Recognizing Ineffective Team Practices

The inadequacies of working in groups can be frustrating. To overcome them, it is important to understand the causes of these inadequacies.

The common characteristics of ineffective problem-solving and decision-making groups are:

  • generating an incomplete problem definition, 
  • seeking a limited number of solutions,
  • failing to develop contingency plans.

Generating an incomplete problem definition

Often, team members will disagree because each has a different conception of what the actual problem is. To remedy this situation, you need to aim for:

  • Brevity — problem definitions need to be focused and succinct. Set priorities and concentrate on the most pivotal concerns instead of dwelling on every detail.
  • Clarity — zero in on the precise sector where the problem is; this enables you to keep the problem definition short and clear.
  • Definable performance measurement — set standards by which you can measure progress. For example, you might target a 25% increase in sales over the coming six months.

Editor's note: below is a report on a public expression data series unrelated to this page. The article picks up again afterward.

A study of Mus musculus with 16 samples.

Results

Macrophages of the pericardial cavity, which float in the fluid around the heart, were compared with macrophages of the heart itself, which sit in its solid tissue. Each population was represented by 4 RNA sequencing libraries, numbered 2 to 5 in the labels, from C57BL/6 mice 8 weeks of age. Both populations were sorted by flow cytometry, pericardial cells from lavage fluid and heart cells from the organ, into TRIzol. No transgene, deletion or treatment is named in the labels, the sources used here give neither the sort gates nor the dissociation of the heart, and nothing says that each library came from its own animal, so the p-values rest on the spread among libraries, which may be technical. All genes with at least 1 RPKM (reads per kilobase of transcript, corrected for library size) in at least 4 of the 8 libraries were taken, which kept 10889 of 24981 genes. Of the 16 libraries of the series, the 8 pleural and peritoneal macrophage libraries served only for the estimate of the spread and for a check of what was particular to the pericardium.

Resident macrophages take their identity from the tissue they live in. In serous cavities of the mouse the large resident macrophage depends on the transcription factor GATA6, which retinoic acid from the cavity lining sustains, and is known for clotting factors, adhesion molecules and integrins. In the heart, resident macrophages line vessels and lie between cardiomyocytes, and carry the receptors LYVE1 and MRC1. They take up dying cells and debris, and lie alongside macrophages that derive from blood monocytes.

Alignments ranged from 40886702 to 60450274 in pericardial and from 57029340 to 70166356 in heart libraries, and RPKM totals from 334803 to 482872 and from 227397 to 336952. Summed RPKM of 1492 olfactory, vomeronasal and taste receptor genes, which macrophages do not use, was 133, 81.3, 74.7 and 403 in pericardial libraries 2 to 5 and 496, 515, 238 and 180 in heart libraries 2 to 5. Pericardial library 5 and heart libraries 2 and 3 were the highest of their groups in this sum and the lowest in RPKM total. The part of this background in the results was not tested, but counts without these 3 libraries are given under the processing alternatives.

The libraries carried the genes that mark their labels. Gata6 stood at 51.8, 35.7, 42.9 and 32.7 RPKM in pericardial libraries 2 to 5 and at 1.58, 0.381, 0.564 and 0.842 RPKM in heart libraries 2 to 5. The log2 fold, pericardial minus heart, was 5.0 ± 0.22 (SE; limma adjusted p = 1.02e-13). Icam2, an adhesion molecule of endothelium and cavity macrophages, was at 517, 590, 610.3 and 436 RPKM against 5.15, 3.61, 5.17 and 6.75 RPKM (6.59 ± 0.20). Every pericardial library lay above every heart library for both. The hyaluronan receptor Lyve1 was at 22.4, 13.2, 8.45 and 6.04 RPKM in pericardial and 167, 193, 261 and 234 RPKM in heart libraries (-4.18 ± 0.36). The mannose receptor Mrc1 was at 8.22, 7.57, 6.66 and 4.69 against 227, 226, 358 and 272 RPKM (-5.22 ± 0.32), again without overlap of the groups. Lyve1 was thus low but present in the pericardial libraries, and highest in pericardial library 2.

Seeking a limited number of solutions

Set aside plenty of time to develop potential solutions to your problem. When team members offer solutions, never censor them — take note of each one, regardless of its feasibility. 

This will create an atmosphere that encourages people to volunteer as many solutions as possible. It is much more productive and enjoyable to choose from many viable options than from only a few.

Failing to develop contingency plans

Inefficient problem-solving and decision-making groups fail to develop contingency plans. This is a mistake because solid backup plans enable you to recover from decision failure. You need to know exactly what to do if your primary solution fails to perform as planned.

Once you recognize the characteristics of ineffective problem-solving and decision-making groups, you can take steps to remedy them.